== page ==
I am delighted that HCPC is celebrating the work of all allied health professions (AHPs), including those we regulate, on this special Day. AHPs Day is not only a celebration; it is an important opportunity to improve public awareness of AHPs and the vital roles they play.
At HCPC, we know just how much AHPs do to care for people and keep them healthy and safe, not least in recent months. Some have become better known during the pandemic, but the reassurance of being cared for by a regulated professional is not yet common knowledge amongst the wider public and nor do employers always automatically accord AHPs time for their CPD. All Allied Health Professions richly deserve our praise and thanks. I was absolutely delighted to see AHPs recognised within the Queen’s Birthday Honours list. On behalf of everyone at HCPC, congratulations to them all.
We will continue to do all we can not only to highlight the excellent work AHPs do, but to ensure we support and facilitate their pivotal role in caring for the public in the months and years ahead.
During the Covid-19 pandemic, over 27,000 health and care professionals, including many AHPs, were added to HCPC’s temporary register, a sure sign of the vital role played by health and care professions in keeping the public safe.
COVID-19 has increased awareness that it is not only doctors and nurses on whom we depend for our health and care. The NHS’s response to the pandemic has been a true team effort, involving a wide range of health and care professionals, many of them AHPs. We’ve seen and heard how they have developed new ways of practising, learned new skills, and we will continue to support innovation that improves care in these testing times.
COVID-19 is going to have significant long-term implications for people’s health and wellbeing. Whether it be on pre-existing mental or physical health conditions, or the development of long-term Covid-19 symptoms. ‘Long Covid’ as the latter is now known, is a condition that we are learning about and seeing more people affected by it. We at HCPC welcomed NHS England’s announcement that people suffering ‘long Covid’ symptoms will be offered specialist help. In particular, we welcomed the recognition of the role AHPs, including professions regulated by HCPC, will play in helping the thousands of sufferers of long Covid.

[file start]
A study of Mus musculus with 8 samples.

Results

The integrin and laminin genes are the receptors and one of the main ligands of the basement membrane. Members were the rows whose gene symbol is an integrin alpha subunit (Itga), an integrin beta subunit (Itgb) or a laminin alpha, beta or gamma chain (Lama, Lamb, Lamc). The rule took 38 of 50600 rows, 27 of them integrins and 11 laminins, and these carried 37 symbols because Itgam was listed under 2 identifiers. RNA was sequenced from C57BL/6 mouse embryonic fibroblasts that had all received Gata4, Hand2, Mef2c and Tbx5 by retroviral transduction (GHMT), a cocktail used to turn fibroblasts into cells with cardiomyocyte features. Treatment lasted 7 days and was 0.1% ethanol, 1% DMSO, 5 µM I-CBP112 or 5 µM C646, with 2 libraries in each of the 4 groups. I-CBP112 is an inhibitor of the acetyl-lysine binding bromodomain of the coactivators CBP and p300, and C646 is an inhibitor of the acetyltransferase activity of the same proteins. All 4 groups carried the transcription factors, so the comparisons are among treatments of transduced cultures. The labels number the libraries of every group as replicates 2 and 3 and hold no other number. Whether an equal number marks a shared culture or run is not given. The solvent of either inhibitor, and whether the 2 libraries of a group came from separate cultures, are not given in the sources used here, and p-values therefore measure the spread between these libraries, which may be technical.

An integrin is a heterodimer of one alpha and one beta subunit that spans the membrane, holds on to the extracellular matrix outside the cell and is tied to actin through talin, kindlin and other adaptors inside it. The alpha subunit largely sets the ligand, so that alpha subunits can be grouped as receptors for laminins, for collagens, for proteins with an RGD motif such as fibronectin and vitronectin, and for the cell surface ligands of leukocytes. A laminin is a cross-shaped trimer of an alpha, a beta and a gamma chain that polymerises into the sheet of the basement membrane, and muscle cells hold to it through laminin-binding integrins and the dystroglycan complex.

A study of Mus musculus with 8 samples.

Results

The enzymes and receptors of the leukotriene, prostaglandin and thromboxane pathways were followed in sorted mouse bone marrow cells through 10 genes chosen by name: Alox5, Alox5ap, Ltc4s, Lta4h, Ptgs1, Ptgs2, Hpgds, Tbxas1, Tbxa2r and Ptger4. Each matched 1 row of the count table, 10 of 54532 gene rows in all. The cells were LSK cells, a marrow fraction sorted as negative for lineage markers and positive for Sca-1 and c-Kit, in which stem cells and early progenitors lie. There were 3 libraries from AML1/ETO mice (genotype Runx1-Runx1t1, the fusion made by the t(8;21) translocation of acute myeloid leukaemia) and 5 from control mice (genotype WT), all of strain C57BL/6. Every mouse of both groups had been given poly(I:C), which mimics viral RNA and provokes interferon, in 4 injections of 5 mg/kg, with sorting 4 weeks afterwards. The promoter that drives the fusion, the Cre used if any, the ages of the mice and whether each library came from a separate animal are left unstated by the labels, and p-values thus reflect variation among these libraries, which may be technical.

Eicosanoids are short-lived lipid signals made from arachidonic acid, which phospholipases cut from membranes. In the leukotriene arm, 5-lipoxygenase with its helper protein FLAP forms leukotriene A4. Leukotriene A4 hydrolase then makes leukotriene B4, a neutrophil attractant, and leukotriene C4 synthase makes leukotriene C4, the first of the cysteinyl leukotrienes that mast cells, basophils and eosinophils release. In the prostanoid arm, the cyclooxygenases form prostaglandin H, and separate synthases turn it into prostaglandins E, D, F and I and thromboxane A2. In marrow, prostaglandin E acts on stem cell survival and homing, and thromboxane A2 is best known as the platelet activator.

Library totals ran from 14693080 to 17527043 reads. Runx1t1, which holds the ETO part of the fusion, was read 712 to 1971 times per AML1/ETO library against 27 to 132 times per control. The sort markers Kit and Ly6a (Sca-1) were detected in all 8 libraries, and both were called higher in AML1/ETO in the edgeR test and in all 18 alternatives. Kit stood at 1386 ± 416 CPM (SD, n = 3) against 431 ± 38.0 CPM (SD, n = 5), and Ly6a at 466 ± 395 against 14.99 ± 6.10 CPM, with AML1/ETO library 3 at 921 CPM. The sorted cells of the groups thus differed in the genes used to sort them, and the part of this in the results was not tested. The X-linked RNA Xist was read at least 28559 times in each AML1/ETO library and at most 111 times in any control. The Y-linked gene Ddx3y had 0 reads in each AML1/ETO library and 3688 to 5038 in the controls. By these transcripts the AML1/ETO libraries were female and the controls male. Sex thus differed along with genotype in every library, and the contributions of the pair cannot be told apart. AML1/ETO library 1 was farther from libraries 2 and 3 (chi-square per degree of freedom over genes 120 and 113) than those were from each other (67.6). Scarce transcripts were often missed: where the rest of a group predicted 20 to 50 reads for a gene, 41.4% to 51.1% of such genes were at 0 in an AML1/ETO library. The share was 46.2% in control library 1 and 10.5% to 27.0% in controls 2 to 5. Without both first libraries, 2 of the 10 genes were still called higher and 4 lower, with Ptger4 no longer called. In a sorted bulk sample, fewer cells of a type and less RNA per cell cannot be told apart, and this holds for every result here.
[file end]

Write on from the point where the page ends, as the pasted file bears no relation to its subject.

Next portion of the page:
The long-term impacts of this illness have the potential to be extremely damaging to the nation’s health and wellbeing and consequently, its workforce and economy. This will shine an even brighter light on the UK’s AHPs.
We have been impressed and heartened by the ways in which our registrants, indeed all AHPs, have risen to the recent challenges presented, and I hope this will encourage others to consider taking up a career within the AHP professions. As the regulator in all four nations of the UK, HCPC hopes to motivate more people to consider becoming AHPs.
We’re proud to be supporting AHP Day events and celebrations across the country, giving these professions the recognition they deserve. In Scotland, AHPs Day is introducing a new theme for the day, which this year is ‘connecting with others’ – this focuses on what relationships and conversations you need to be engaging in with AHPs. In Wales, Kellie Green, HCPC’s Professionalism and Upstream Regulation lead, will be taking part in a webinar for the AHP Festival Wales. Kellie will be speaking about the challenges of meeting professional standards during a pandemic, how some professionals have adapted their practice and the support that remains available for HCPC registrants. In Northern Ireland, last month Health Minister Robin Swann highlighted the importance of AHPs by announcing 16 extra Allied Health Professional student places for 2020. Finally, NHS England is launching the next phase of its ‘We are the NHS’ campaign, targeted at increasing the recruitment of AHPs, which the HCPC fully supports.
I would like to conclude by quoting HCPC Registrant, occupational therapist, Christana Akinremi, who commented on how her work has been impacted by COVID-19, saying that:
“When I look back over the last few months and think about what kept me going, it was mostly knowing that I am helping patients and providing them with the care they need. In the peak of the pandemic, the care for them did not cease.”
I think this sums up the dedication and commitment that AHPs have shown during the most challenging of times.